What Jim Marshall started with the JTM45 rapidly evolved into a family of classic amps with their own, commanding voice. Here’s our pick of epochal Marshall heads...
Created by Jim Marshall and backroom boys Ken Bran and Dudley Craven in 1962, the very earliest JTM45 made rather less than 45 watts of clean output and had an off-centre aluminium control plate.
By ‘65, they had changed to a gold Plexiglass panel, with the script logo following by ‘66.
Super Lead 1959
Dating back to 1965, the original Super Lead ‘Plexi’ is the amp behind some of rock’s greatest guitar moments.
Page, Hendrix, Clapton, Kossoff, Van Halen, Young, Gibbons…the list stretches on. Originally introduced in 1965 with KT66s, and changed to four EL34s in 1967.
Released in 1967 as the ‘200’, the rare Major delivered 200 watts from four KT88 valves.
Early models had active EQ, revised to the standard passive network later. The Major’s most famous user is Ritchie Blackmore; a modified version was key to his tones on Deep Purple 70s albums.
2203 Master Volume
Introduced in 1975, the 100-watt 2203 presented the master volume concept.
With two inputs instead of four, and large rocker switches, the early 2203’s were among the best early Marshalls, with much of the sweeter, more transparent tone of the JTM45 and 1959 models.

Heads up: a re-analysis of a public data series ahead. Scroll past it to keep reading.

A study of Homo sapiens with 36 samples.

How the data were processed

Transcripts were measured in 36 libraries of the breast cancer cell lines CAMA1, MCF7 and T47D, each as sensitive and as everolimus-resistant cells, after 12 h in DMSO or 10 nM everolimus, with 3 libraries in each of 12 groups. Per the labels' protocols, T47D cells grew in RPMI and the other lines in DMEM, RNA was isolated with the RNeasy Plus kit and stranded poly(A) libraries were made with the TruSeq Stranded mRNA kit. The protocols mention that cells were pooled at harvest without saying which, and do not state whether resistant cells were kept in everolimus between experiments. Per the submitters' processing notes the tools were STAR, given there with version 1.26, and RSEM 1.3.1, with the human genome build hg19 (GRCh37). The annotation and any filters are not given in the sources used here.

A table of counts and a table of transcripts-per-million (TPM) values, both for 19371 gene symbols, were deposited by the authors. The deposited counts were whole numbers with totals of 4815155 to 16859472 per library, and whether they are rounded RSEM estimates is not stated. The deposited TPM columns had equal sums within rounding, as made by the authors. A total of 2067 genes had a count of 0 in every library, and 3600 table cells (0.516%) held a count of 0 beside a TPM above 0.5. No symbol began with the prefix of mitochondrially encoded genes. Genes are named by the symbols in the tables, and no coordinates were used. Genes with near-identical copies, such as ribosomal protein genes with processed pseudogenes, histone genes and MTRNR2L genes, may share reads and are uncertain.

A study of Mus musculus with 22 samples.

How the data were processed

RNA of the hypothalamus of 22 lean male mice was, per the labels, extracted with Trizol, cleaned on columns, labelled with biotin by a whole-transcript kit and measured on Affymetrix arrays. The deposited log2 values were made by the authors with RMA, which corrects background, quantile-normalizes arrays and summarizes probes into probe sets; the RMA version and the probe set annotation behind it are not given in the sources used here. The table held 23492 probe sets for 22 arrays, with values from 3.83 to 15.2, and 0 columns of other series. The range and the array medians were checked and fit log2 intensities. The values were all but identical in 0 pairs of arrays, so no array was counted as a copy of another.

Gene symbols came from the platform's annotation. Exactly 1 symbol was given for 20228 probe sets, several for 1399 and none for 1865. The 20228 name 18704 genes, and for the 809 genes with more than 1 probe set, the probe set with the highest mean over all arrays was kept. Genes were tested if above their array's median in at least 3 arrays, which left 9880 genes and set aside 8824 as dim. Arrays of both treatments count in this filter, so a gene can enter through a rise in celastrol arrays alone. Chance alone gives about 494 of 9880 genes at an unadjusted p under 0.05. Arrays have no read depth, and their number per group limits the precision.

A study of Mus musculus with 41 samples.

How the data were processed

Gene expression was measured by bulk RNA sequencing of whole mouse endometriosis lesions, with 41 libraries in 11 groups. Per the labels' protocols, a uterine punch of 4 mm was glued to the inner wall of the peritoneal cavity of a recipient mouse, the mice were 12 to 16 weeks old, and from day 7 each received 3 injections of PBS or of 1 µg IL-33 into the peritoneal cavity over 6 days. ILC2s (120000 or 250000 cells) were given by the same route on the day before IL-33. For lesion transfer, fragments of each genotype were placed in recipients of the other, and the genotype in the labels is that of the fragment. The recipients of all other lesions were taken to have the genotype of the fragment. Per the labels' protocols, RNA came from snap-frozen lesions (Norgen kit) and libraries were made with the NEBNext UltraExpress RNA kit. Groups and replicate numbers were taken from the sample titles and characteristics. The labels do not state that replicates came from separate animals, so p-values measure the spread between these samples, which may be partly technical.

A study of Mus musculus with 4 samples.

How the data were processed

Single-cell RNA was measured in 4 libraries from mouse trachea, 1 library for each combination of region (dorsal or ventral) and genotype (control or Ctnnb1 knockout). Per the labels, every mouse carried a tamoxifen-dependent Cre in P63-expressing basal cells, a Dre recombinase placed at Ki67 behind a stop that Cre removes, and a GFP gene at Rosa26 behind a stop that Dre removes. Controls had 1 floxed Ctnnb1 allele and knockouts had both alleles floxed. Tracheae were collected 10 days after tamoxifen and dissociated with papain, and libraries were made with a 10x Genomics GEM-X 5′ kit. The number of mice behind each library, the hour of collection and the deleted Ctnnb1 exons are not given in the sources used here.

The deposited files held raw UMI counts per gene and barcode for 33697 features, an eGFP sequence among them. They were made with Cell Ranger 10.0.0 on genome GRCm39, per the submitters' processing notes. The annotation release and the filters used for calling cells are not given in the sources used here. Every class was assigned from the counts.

JCM800 2205 Dual Channel
Introduced in 1982, the 2205 featured split channels and reverb.
It was also one of the first to feature the infamous diode clipping circuit that added extra overdrive grind.
This amp, along with the earlier JCM800 Lead head, typifies the brutal 80s rock sound that kick-started the NWOBHM.
2555 Silver Jubilee
The Silver Jubilee amps were made in 1987 to celebrate 25 years of Marshall amp production and Jim Marshall’s 50th year in the business.
Pentode/Triode switching reduced the output by half, and it also had a dual-voiced rhythm channel. Slash was among its many devotees.
Dual Super Lead 100
Introduced in 1997 as the big-hitter of Marshall’s JCM2000 Series, the twin channel DSL100 married the high-gain performance of the earlier JCM900 Series to a classic palette of Marshall tones, via its Classic Gain (Super Lead-like) and Ultra Gain (JCM800 and beyond) channels.
Introduced in 2007, the current Marshall flagship has no less than four channels, each with three modes, MIDI control, silent recording and much more.
In some ways it harks back to earlier models: despite the addition of a digital reverb, the main signal path is all-valve, with no LED clipping.